Artur de Oliveira Santos
|Municipal Administrator of Ourém|
23 October 1915 – 28 February 1918
24 April 1920 – 31 July 1920
|Born||22 January 1884|
Ourém, Kingdom of Portugal
|Died||27 June 1955 (aged 71)|
|Spouse||Idalina de Oliveira Santos|
Artur de Oliveira Santos[a] (22 January 1884 – 27 June 1955), was a Portuguese journalist and local politician, most widely known for being the Municipal Administrator of Ourém, in which the locality of Fátima is located, during the time of the apparitions of Our Lady of Fátima to three young shepherd children in 1917.
Although he had little formal education, Artur Santos was made the editor the local newspaper Ouriense, in which he displayed his anti-monarchical and anti-religious opinions. In his twenties he was elected to the Masonic lodge of Leiria, and then founded a separate Lodge at Vila Nova de Ourém, his native town. Shortly after that he was made Municipal Administrator of Ourém. This position was essentially an appointed mayor, a delegate of the central government who was tasked with, among other things, maintaining public order. It carried with it the additional titles of President of the Municipal Chamber (the town hall), and Judge Substitute of Comarca. Invested with the authority of all these titles, Santos was, at the time of the apparitions, the most influential man in his area of Portugal.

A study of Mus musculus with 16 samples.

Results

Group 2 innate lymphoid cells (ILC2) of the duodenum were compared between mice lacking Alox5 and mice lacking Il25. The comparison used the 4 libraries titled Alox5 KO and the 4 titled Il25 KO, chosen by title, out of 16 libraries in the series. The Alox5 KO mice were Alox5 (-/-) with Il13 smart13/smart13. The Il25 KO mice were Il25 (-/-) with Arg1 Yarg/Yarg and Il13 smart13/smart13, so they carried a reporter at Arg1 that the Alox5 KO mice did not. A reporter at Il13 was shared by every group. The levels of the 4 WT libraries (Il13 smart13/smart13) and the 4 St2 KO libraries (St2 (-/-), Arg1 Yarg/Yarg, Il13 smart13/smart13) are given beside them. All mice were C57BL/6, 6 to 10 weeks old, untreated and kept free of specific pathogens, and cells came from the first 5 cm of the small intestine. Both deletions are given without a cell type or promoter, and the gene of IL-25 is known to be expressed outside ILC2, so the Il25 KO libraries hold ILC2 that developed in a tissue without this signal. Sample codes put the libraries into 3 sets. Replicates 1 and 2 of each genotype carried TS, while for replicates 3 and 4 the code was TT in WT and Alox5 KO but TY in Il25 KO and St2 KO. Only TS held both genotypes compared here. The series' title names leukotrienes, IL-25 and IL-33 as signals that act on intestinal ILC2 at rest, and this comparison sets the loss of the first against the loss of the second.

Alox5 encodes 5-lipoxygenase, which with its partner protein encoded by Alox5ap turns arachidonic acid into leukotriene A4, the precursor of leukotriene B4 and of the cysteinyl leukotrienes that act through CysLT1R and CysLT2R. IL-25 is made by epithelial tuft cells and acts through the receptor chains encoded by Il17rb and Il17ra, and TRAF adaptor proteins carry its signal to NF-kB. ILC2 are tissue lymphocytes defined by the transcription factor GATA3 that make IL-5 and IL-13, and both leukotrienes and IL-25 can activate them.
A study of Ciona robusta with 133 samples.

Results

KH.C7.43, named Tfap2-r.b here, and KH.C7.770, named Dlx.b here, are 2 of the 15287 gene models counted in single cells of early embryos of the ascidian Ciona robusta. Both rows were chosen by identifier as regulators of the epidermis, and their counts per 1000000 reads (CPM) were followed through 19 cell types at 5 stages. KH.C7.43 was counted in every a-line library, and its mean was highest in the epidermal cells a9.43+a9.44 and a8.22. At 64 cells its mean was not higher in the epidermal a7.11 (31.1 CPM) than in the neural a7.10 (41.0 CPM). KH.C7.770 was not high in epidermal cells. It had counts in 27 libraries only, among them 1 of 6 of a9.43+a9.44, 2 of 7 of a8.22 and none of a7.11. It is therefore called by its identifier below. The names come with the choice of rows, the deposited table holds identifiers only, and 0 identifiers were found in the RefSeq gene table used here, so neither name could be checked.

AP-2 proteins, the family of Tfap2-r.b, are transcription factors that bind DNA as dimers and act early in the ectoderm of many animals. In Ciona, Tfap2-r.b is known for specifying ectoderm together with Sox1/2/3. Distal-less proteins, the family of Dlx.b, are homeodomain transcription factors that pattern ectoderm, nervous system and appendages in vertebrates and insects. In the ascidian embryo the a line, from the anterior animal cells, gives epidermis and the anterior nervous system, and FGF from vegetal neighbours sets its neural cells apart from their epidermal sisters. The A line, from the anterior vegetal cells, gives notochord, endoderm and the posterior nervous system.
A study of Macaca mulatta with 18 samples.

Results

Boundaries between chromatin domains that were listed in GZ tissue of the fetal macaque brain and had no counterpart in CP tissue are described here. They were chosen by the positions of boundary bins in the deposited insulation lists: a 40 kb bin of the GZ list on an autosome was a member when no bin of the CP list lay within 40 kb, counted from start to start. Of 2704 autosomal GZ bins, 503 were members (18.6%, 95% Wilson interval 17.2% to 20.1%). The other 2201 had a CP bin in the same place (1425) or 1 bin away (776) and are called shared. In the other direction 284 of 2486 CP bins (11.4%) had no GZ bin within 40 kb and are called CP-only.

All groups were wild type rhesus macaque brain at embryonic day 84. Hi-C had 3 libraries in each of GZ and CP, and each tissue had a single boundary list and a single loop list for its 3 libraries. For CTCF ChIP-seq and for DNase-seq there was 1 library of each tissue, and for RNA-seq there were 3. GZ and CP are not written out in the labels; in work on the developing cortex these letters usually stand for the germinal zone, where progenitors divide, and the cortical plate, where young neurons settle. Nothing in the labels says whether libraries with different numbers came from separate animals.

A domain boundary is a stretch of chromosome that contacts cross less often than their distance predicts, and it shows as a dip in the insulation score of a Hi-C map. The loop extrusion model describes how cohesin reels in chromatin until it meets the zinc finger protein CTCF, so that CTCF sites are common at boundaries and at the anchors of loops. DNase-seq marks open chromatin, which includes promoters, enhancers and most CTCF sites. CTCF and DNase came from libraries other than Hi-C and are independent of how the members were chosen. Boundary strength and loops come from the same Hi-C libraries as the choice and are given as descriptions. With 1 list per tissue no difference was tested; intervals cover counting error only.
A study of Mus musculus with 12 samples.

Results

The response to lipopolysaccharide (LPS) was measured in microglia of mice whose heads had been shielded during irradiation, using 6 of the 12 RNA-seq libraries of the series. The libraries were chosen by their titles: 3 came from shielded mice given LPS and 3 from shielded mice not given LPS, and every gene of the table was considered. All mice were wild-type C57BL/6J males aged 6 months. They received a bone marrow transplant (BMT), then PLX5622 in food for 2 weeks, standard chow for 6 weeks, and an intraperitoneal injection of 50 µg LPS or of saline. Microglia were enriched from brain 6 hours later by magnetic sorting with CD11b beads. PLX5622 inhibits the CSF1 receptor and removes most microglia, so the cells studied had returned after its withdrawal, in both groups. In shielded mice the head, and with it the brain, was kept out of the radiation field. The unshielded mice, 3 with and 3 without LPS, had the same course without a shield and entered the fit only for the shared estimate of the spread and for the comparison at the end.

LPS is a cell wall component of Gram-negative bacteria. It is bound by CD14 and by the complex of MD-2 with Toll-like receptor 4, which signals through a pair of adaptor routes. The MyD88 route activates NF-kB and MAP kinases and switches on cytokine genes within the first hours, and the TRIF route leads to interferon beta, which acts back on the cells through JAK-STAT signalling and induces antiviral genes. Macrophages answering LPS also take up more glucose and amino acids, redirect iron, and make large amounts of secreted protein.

Artur Santos was known for his hostility towards organized religion in general and Catholicism in particular. He was especially hostile with regards to the apparitions and repeatedly sent law enforcement officials to seek to impede public access to the site. He went so far as to kidnap the three children and place them in jail, in order to prevent them from proclaiming another apparition. Years later, Lucia would recall how the three had been jailed, and that Santos had threatened the children with being boiled in oil unless they revealed to him the secret which they had reported receiving from the Lady.
In his later years, Artur Santos professed to be a Christian, but denied going to Mass or Confession. He sent a letter to a newspaper stating his side of the story on the issue of having arrested the children. Although stripped of political offices in his later years, he took pride in the fame he once had, and assert that he was known all over the world "and in Russia, too".
At twenty-six he joined the Grand Orient Masonic Lodge at Leiria.
... was, before long, mayor or administrator of the county. This carried with it the corollary titles of President of the Chamber and Judge Substitute of Comarca.